Delayed umbilical bleeding—a presenting feature for factor XIII deficiency: clinical features, genetics, and management

Rashida Anwar, Adrian Minford, Louise Gallivan, Chi H Trinh, Alexander F Markham
Pediatrics 2002, 109 (2): E32

OBJECTIVES: The objectives of this study were 1) to assess the importance of an early diagnosis for factor XIII (FXIII) deficiency, and 2) to investigate the molecular basis and mechanism(s) of disease in the patients under study.

METHODS: The case histories of 6 FXIII-deficient patients were examined to assess the influence of early versus delayed diagnosis and replacement therapy. The nucleotide sequence of the FXIIIA gene was determined to identify the underlying mutations responsible for the bleeding diathesis in each patient. Molecular modeling was used to predict the mechanism(s) of disease causation for each mutation.

RESULTS: All cases presented with umbilical hemorrhage. Patients 1 to 3 were diagnosed, and their prophylactic therapy was commenced in infancy. Diagnosis in patients 4 to 6 was considerably delayed and, as a result, they continued to suffer from many bleeding symptoms. The FXIIIA gene mutations identified in these patients were as follows: a homozygous GAA-->AAA mutation in codon 102 (Glu102Lys) in patient 1 and a homozygous AGC-->AGG mutation in codon 295 (Ser295Arg) in patients 2 to 6. These mutations segregate with disease and are absent from the normal population, suggesting that they are likely to be disease-causing sequence changes. Computer modeling indicates that both the Lys102 and Arg295 mutants are unable to fold correctly, and probably result in unstable FXIIIA molecules.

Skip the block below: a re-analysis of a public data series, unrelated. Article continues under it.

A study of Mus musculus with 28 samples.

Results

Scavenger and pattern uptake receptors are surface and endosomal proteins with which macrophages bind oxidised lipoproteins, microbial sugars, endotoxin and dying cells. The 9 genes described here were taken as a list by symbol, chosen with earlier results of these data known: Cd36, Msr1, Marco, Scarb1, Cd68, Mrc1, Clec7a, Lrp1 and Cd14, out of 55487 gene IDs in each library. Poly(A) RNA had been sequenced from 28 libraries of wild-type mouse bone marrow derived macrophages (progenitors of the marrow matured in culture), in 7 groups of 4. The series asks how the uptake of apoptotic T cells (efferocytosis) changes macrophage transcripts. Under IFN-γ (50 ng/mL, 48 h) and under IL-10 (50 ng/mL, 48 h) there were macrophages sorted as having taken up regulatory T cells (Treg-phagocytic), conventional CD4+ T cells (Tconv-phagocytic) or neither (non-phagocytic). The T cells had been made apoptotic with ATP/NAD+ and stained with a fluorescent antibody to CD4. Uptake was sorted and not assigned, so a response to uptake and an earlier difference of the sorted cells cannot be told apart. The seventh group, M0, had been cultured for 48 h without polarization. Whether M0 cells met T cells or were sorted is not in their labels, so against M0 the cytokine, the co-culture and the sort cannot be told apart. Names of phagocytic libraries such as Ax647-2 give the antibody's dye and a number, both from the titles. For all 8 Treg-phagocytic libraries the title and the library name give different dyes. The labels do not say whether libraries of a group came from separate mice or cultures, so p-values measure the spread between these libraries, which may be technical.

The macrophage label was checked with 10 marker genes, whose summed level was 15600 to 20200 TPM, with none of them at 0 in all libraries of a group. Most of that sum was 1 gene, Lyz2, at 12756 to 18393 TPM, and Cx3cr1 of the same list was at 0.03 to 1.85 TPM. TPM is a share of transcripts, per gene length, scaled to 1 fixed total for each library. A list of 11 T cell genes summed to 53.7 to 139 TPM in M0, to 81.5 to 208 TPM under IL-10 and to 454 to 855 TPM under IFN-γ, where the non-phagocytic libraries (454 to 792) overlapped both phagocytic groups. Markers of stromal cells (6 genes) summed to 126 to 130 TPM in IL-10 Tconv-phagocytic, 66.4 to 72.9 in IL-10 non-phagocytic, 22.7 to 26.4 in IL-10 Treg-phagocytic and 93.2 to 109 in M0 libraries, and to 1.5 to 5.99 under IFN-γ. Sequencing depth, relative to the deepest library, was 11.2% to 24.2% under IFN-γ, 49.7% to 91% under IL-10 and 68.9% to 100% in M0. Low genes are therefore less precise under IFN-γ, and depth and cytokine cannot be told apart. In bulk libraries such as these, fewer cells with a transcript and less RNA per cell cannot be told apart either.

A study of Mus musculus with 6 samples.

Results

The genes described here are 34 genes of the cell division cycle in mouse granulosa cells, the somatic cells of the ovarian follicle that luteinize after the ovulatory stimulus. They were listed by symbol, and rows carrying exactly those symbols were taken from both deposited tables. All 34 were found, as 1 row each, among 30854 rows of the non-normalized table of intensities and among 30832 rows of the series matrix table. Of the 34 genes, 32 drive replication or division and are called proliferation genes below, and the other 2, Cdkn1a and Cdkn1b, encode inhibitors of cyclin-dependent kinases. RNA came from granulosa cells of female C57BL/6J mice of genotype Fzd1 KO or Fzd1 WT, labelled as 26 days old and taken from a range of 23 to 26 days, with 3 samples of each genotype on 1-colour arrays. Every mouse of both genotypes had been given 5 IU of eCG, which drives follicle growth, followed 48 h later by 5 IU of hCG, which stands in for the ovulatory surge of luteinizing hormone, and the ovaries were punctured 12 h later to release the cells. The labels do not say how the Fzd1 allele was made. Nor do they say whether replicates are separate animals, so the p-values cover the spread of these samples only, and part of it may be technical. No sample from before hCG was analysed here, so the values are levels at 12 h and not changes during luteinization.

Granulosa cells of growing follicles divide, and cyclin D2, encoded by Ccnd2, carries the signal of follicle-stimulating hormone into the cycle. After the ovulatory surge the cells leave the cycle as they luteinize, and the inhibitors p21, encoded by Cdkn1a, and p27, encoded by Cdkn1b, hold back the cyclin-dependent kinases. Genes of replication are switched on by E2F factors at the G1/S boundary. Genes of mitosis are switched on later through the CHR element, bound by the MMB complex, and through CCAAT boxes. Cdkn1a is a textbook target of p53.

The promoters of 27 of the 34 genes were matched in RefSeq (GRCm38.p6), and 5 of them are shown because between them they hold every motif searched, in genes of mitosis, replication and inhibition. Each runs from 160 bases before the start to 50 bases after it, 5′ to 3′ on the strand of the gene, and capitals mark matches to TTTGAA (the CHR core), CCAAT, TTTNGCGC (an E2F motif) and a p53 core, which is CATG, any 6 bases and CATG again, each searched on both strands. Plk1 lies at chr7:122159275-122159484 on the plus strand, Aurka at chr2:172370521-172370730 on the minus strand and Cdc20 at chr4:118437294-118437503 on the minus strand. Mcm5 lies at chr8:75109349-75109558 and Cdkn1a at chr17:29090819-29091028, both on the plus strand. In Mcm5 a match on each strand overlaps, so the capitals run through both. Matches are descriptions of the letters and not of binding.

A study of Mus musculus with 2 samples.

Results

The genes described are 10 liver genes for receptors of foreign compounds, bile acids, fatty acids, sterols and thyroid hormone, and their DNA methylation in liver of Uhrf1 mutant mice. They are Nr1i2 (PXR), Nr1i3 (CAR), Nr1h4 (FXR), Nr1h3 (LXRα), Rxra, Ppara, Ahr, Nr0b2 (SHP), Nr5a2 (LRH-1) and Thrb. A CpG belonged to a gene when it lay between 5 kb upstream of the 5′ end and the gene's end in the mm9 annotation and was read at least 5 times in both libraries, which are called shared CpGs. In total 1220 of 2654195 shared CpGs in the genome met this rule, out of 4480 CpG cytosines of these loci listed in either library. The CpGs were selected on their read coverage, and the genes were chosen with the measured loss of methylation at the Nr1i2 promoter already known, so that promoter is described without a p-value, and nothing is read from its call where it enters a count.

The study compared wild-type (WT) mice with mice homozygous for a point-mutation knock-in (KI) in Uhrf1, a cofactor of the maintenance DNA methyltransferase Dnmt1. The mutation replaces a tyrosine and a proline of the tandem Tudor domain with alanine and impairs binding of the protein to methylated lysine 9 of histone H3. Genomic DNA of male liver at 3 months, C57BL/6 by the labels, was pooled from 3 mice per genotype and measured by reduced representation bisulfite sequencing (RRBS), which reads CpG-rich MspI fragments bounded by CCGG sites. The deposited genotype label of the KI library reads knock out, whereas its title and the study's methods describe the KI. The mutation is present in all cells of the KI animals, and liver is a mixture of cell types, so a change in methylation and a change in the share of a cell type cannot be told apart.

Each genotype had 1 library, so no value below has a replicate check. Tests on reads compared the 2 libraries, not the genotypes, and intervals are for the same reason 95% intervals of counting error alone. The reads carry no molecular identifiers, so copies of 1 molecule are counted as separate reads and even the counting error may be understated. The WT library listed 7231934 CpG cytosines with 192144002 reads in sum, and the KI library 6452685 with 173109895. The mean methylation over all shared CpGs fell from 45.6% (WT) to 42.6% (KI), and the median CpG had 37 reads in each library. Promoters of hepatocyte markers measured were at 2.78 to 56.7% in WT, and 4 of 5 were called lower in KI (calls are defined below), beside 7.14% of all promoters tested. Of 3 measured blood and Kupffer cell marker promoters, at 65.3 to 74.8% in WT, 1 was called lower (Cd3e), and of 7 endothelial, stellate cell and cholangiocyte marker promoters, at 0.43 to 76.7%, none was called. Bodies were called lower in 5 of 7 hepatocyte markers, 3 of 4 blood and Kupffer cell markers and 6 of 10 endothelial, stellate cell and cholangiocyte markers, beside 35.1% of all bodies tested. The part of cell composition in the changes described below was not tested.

CONCLUSIONS: We demonstrate the importance of recognizing delayed umbilical hemorrhage as a presenting feature for congenital FXIII deficiency, and the value of early diagnosis and prophylaxis. The bleeding disorder of patient 1 was attributable to a homozygous Glu102Lys mutation in FXIIIA. A homozygous Ser295Arg mutation in FXIIIA was responsible for FXIII deficiency in patients 2 to 6.